Commuters Urged to Bike to Work on May 18
Posted: May 10, 2007 at 1:00 am, Last Updated: November 30, -0001 at 12:00 am
By David Driver
The Metropolitan Washington Council of Governments (COG) and the Washington Area Bicyclist Association (WABA) are encouraging people to bike to work on Friday, May 18.
The two organizations have teamed up to host one of the largest “Bike to Work Day” events in the country.
The groups expect at least 6,500 bicyclists in the region to bike to work. The annual event is part of the COG Commuter Connections program and promotes a healthy and environmentally-friendly alternative to the use of personal cars.
It will not take much persuasion to bike to work for several Mason employees, including Tansy Matthews and Nicolas Tan, since they already do so on a regular basis.
Matthews, associate director of the Virtual Library of Virginia, which is based in Mason’s Fenwick Library, has been biking about four days a week since she started work at Mason in September. She lives in Oakton, and the ride of about five miles takes her between 25 and 40 minutes.
Why does she bike to work?
“Of course, gas is very, very expensive,” says Matthews, who is also a competitive runner. “Then there are the environmental issues. It is more environmentally conscious to ride a bike to work. The traffic around here is so crazy.”
Even though the route by car from her home to Mason is shorter — 3.5 miles — Matthews says it takes about the same amount of time as biking. “I would rather be out in the sunshine,” she says.
Tan, a photographer in Creative Services, has been riding his bike to work as much as possible for nearly two years. He lives near the border of Fairfax City and Fairfax County, and says a one-way trip to Mason is about two to three miles.
“When it is nice out I try to bike as much as possible, as long as it is not raining,” Tan says. “It is fun. I enjoy it. It is more freedom, I guess. I don’t have to depend on the bus or pay for gas.”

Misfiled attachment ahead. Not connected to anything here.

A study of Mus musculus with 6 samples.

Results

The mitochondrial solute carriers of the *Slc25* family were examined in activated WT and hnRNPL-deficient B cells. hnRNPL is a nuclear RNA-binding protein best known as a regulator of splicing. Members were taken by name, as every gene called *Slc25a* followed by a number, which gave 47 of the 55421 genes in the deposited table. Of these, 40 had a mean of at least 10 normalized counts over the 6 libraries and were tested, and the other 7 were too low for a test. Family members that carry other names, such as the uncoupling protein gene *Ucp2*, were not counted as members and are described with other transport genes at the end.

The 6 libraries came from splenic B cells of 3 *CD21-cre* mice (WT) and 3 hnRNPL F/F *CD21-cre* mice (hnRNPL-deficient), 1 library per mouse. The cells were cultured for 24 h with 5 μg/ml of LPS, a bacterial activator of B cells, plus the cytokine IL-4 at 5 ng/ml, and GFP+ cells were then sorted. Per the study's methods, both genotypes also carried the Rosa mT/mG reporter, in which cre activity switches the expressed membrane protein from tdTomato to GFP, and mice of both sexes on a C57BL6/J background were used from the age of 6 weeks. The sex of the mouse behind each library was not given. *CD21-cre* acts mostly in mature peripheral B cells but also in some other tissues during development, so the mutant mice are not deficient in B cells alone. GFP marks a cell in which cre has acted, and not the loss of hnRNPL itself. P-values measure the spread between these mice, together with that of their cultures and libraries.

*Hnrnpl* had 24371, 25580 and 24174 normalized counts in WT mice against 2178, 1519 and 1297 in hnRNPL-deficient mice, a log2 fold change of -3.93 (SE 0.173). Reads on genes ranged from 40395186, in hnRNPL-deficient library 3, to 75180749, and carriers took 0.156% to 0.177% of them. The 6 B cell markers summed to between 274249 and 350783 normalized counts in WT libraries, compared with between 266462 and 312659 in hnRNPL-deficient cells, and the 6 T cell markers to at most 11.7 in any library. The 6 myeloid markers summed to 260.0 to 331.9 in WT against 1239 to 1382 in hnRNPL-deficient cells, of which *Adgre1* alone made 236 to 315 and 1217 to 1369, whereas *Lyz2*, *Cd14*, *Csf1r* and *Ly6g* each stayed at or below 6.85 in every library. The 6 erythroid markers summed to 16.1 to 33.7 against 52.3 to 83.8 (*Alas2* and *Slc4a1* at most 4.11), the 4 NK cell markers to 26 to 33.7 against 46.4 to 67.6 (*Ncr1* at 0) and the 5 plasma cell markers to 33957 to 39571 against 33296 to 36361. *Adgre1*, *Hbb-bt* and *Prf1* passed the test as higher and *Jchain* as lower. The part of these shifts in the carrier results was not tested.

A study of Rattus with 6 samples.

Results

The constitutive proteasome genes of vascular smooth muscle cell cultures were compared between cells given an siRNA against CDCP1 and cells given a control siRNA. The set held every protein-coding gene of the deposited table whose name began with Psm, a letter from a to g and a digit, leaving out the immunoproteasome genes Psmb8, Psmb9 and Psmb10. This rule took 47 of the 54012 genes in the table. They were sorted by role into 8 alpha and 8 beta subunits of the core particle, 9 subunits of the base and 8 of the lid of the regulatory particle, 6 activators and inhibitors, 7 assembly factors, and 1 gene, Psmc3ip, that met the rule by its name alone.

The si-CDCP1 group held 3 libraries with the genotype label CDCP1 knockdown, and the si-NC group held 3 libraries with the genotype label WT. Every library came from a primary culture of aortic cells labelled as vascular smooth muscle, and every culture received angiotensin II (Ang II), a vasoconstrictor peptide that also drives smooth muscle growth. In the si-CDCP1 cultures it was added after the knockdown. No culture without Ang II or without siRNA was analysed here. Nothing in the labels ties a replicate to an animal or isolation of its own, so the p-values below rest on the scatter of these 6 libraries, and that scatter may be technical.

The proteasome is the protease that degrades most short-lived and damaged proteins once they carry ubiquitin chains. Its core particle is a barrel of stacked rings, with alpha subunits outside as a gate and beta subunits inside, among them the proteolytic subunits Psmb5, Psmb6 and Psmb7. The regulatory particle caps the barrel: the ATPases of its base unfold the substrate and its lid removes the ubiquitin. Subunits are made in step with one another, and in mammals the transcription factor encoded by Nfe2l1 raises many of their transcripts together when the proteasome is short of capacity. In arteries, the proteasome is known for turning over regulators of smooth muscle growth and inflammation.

David Kirby, a freshman with a double major in philosophy and government and international politics, is vice president of the student cyclist club at Mason. He says a few of the club’s 20 members bike regularly to classes.
The university is increasing the feasibility of biking for those who want to ride on a year-round basis. When roads leading to the Fairfax Campus are widened this summer, dedicated bike lanes will be added.
Bruce Wright, chairman of Fairfax Advocates for Better Bicycling, has been working with Josh Cantor, director of parking and transportation at Mason, to identify bike trails that commuters can use to get to Mason. Wright, a retired government geographer, bikes about six miles one way from his home in Reston to a bike shop in Vienna where he works.
“We see great potential for biking at Mason. In the long run, (bikers) will save the university money,” says Wright.
Wright notes preliminary plans call for striped lanes for bicycles on Patriot Circle. He also credits Mason for installing more bike racks on the Fairfax Campus. Anne Whitley, Mason transportation coordinator, estimates there are about 40 to 50 bike racks on the Fairfax Campus, including eight added in 2006.
On May 18, area cyclists will ride from 25 pit stops around the region, and many will end at Freedom Plaza in Washington, D.C., where local government leaders are expected to address the crowd.
Cyclists, experienced or novice, can register for “Bike to Work Day” by visiting www.waba.org or by calling 202-518-0524. More than 20 commuter bicycling convoys led by veteran cyclists are being formed throughout the Washington region. The first 6,500 who register for the event will receive a free T-shirt.